Bean Leaf Beetle


Bean leaf beetle injury (2 photos below)

Soybean leaf injury from bean leaf beetles.
Soybean leaf defoliation from bean leaf beetles.
  • Impact from bean leaf beetle larvae is unknown, but thought to be insignificant
  • Leaf feeding from adults causes little impact unless defoliation exceeds 25%
  • Pod feeding results in greatest damage and affects both quality and yield
  • Adults also transmit bean pod mottle virus, which:
    • Reduces both soybean quality and yield
    • Causes green stem and delays harvest
Soybean field - Area of green stem.

Area of green stem.


Pest ID

Pest ID - Bean Leaf Beetle

Bean leaf beetle adults (2 photos below)

Bean leaf beetle adult
Bean leaf beetle adult

Adult bean leaf beetle.

  • Bean leaf beetle adults are 1/5 inch long
  • Color is typically dark yellow, but may be orange or red
  • Wing covers often with 4 "rectangular" marks, but may have 2 or no marks
  • Best identifying mark – black triangle behind pronotum (neck region in image below)
Black triangle is an identifying mark for bean leaf beetle adult.


  • Found in soil near roots and resemble corn rootworm larvae
  • Body color is white and head color is dark brown/black
  • Often found feeding in nodule
  • Facts and Impact on Crop

    Bean leaf beetle adults feeding on plant (photo below.)

    Adult bean leaf beetles feeding on soybean leaves.
    • Latin name is Ceratoma trifurcata
    • Although the larvae feed on soybean roots, most damage occurs from adult feeding on foliage or pods
    • Found east of the Rocky Mountains wherever soybeans are grown
    • No significant natural enemies are known
    • Hosts: alfalfa, clover, green beans, wild legumes such as tick trefoil
    • Generations per year
      • 3 – Southeast United States
      • 2 – Iowa and Illinois
      • 1 to 2 – Wisconsin
      • 1 – Canada
    • Adults overwinter in woodlots and fence rows
    • Quickly killed if exposed to temperatures below 14 F
    • Adults may feed on alfalfa in spring before soybeans emerge

    Life Cycle

    Life Cycle

    Bean leaf beetle life cycle.




    Management Considerations


    • Neither native nor transgenic resistance is currently available for bean leaf beetle.

    Beneficial insects (natural enemies)

    • Very little impact documented
    • Not a recognized deterrent to beetle populations


    • If the field has a history of bean leaf beetle injury or bean pod mottle/green stem, consider planting slightly later after most bean leaf beetle adults have moved away from the area
    • Pioneer Premium Seed Treatment with insecticide may help reduce damage from overwintering bean leaf beetles; effect may vary on bean pod mottle infection prevention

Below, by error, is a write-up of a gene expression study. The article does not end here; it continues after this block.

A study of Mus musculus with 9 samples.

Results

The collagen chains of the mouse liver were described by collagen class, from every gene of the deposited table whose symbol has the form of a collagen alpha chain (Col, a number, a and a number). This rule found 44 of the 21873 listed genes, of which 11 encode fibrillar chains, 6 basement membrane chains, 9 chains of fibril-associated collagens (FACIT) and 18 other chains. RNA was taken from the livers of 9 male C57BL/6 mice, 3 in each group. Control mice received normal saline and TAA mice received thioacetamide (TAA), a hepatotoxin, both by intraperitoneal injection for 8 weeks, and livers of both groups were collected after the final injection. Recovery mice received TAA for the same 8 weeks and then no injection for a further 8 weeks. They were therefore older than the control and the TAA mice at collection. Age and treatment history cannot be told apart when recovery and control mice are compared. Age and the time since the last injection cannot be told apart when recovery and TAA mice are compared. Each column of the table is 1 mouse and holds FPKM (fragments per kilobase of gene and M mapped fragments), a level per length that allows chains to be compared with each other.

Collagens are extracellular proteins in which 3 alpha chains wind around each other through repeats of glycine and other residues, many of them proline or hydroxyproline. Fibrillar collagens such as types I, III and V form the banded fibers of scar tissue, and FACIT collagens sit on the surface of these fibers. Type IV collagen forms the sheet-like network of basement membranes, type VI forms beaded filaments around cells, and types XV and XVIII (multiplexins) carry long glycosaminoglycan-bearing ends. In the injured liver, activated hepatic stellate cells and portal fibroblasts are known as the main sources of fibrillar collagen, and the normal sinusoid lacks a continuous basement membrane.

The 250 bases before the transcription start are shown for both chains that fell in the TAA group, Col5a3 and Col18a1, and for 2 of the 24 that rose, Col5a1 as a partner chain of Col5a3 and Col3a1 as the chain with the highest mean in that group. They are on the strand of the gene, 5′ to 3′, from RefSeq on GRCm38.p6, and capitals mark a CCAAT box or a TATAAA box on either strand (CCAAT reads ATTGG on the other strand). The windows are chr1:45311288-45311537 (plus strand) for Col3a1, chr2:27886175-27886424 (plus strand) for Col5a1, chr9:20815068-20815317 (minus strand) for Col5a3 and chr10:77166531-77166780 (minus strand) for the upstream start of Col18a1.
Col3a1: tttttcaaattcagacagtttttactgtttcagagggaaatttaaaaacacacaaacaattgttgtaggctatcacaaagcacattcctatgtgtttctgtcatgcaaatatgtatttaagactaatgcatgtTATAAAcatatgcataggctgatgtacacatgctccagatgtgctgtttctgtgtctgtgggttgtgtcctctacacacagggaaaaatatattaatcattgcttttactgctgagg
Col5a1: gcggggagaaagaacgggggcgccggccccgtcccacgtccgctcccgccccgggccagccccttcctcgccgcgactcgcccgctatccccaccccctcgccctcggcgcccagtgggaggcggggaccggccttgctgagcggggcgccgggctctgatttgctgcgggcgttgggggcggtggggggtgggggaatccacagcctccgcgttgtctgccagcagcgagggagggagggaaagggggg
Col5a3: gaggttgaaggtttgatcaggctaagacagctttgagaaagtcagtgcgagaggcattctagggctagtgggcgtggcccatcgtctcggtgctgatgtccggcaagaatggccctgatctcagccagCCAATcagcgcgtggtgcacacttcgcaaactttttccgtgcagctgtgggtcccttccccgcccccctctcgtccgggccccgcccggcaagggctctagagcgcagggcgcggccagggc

Scouting for Bean Leaf Beetle

    Scouting for bean leaf beetle
    • Early pod fill stages: R1-R3 – If defoliation approaches 20% to 25% and large numbers of bean leaf beetle adults are present, consider insecticide application, especially if beetles exceed 20 per 20 sweeps of a sweep net
      • Decision should be based on increasing or decreasing beetle numbers, costs of control and grain price of soybeans
    • Late pod fill stages: R5-R7 – If pod injury is above 10% and beetles exceed 3 per sweep, consider insecticide application, especially if other pod feeding insects (grasshoppers) are present
      • Value of control will depend on continuing injury and pod maturity

    Pioneer Premium Seed Treatment

    Components under the Pioneer Premium Seed Treatment offering for soybeans are applied at a Pioneer production facility or by an independent sales representative of Pioneer. Not all sales representatives offer treatment services, and costs and other charges may vary. See your Pioneer sales representative for details. Seed treatment offering exclusive to Pioneer and its affiliates.

    The foregoing is provided for informational use only. Please contact your Pioneer sales professional for information and suggestions specific to your operation. Product performance is variable and depends on many factors such as moisture and heat stress, soil type, management practices and environmental stress as well as disease and pest pressures. Individual results may vary.

    PIONEER® brand products are provided subject to the terms and conditions of purchase which are part of the labeling and purchase documents.